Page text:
Supporters shine at hearing on Kershaw gold mine

04/24/2014 11:29 PM

04/24/2014 11:30 PM

The prospect of gold in the hills of Lancaster County continues to create disagreements in this tiny community of closed textile buildings and two-laned streets.

But those supporting plans for a big gold mine — and the nearly 800 jobs it promises — stole the show Thursday at a hearing to discuss how the mining operation will affect the environment. Most of the nearly three dozen speakers provided enthusiastic support for the proposed Romarco Minerals Inc. mine between Columbia and Charlotte.

Speaker after speaker offered testimonials of how Romarco has helped schools and charities since arriving in Kershaw several years ago. Already, the Canadian company has provided more work for a community with unemployment estimated at 15 to 20 percent and even helped folks move into newer homes, mine boosters said. Times have been hard since the textile mills closed about 25 years ago, state and federal regulators were told.

“We have had nothing going on here” for decades, Kershaw Mayor Wayne Rhodes said, noting that “we need jobs” in the community. “This is a huge opportunity for us. People in the town are very much for it.”

Mine backers turned out well before the meeting, displaying three vans plastered with business signs and balloons favoring the Romarco Minerals operation, purported to be the largest gold mine east of the Mississippi River.

Kershaw real estate agent Tammy Reynolds, who helped rally support, said it’s hard to find fault with the company or its proposed mine.

“They have just made such a big impact and have done more for this community than y’all can ever imagine,” Reynolds said. “I’m so blessed and honored to be a part of a town that has this company in it. Going into the future ... we can trust our environmental agencies to take care of us.”

Thursday’s meeting, which drew more than 300 people, was in marked contrast to a federal hearing last year that generated substantial opposition to the mine. Many at that meeting questioned whether the community would suffer lingering environmental impacts from the gold-digging operation.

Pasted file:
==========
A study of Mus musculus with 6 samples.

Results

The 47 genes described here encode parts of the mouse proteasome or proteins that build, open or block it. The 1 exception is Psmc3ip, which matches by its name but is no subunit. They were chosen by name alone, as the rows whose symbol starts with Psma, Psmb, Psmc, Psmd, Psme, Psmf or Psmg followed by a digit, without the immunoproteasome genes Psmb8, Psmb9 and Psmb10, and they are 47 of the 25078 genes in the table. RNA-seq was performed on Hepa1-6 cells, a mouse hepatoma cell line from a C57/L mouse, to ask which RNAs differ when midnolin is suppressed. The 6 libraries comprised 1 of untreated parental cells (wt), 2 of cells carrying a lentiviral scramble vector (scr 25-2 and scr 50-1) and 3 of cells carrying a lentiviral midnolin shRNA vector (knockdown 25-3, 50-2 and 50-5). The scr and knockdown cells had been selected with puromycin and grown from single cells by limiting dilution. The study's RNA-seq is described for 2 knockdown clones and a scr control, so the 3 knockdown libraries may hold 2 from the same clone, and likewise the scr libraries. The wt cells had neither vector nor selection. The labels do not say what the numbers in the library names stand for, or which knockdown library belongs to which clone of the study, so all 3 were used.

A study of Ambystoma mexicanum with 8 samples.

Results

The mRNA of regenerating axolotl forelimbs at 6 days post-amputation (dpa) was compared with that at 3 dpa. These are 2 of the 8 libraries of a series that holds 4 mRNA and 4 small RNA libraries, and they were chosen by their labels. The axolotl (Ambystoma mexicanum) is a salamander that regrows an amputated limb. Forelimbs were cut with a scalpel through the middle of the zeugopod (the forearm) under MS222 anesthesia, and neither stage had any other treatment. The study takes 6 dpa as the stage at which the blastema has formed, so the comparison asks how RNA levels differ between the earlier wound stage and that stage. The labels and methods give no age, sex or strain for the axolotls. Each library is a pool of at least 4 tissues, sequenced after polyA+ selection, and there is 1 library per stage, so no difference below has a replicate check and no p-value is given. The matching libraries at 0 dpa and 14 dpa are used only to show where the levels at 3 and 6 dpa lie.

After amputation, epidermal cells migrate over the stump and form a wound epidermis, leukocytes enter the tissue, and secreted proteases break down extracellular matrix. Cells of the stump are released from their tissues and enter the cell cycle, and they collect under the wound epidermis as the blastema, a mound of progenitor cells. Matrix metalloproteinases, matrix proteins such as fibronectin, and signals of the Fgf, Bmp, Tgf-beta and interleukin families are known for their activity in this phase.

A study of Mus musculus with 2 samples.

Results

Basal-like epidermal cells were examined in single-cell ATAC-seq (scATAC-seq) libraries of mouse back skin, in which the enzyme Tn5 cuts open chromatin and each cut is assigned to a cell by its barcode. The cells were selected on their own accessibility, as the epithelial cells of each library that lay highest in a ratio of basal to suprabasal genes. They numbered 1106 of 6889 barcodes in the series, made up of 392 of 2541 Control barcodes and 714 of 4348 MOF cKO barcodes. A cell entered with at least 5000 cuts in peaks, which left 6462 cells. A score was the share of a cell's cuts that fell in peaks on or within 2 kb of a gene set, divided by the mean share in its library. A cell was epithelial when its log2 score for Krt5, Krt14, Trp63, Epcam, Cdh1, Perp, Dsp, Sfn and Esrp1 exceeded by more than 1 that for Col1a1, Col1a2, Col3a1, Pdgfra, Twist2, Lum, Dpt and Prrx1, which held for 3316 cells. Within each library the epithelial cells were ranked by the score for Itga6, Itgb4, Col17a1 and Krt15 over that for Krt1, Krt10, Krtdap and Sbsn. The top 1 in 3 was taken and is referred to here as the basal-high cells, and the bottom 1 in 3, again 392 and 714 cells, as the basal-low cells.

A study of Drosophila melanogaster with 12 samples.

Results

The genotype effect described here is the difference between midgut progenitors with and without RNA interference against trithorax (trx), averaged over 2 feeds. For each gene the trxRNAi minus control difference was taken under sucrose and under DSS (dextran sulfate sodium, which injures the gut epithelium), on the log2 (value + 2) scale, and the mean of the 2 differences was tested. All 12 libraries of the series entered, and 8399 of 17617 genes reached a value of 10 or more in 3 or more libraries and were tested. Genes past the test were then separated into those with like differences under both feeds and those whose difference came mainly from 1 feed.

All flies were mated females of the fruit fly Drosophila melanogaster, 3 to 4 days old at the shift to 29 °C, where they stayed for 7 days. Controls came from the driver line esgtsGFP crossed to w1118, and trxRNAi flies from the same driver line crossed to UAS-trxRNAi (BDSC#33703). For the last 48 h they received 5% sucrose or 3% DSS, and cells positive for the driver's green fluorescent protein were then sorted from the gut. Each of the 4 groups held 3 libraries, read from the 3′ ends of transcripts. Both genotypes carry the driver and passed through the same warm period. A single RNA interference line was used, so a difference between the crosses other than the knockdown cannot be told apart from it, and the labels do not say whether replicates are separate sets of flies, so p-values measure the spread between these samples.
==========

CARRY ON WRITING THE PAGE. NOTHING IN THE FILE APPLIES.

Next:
Romarco officials were relieved at Thursday night’s response.

“This was outstanding,” Romarco senior vice-president Jim Arnold said after the two-hour hearing concluded.

The U.S. Army Corps of Engineers and the S.C. Department of Health and Environmental Control, which jointly conducted the hearing, will use comments from the meeting to help decide whether to issue permits for Romarco Minerals. The company needs state and federal permission to destroy large acreages of wetlands, bury miles of creeks and draw down groundwater for the mine, which will sit on more than 4,500 acres.

Up to 1,100 acres of wetlands could be affected by the mine over the next two decades, according to a draft environmental impact statement. About 20 miles of streams face threats. Federal officials say many wetlands and streams will recover, but the 120 acres of wetlands expected to be permanently lost are greater than most projects.

It could be late fall before agencies decide on environmental permits. A final environmental impact statement is expected to be finished in July.

Despite the support, a handful of speakers said Kershaw could suffer from polluted waste ponds, lost streams and depleted groundwater associated with the mine.

Kip Carter said the mine could lead to other large gold mines in the Carolinas and Georgia that would devastate parts of each state with pollution and scarred landscapes. He suggested the Kershaw community has been distracted by the promise of jobs and charitable donations.

“They come in here and they spread money around and make people feel better,” he said of Romarco Minerals. “But the bottom line is 20 years from now, these jobs are going to be gone and we’re going to have a hole in the ground and a poisonous lake.”

Romarco Minerals, of Toronto, wants to reopen and expand the historic Haile Gold mine, a plan projected to create about 400 construction jobs and 350 mining jobs in a community once dependent on textile mills for work.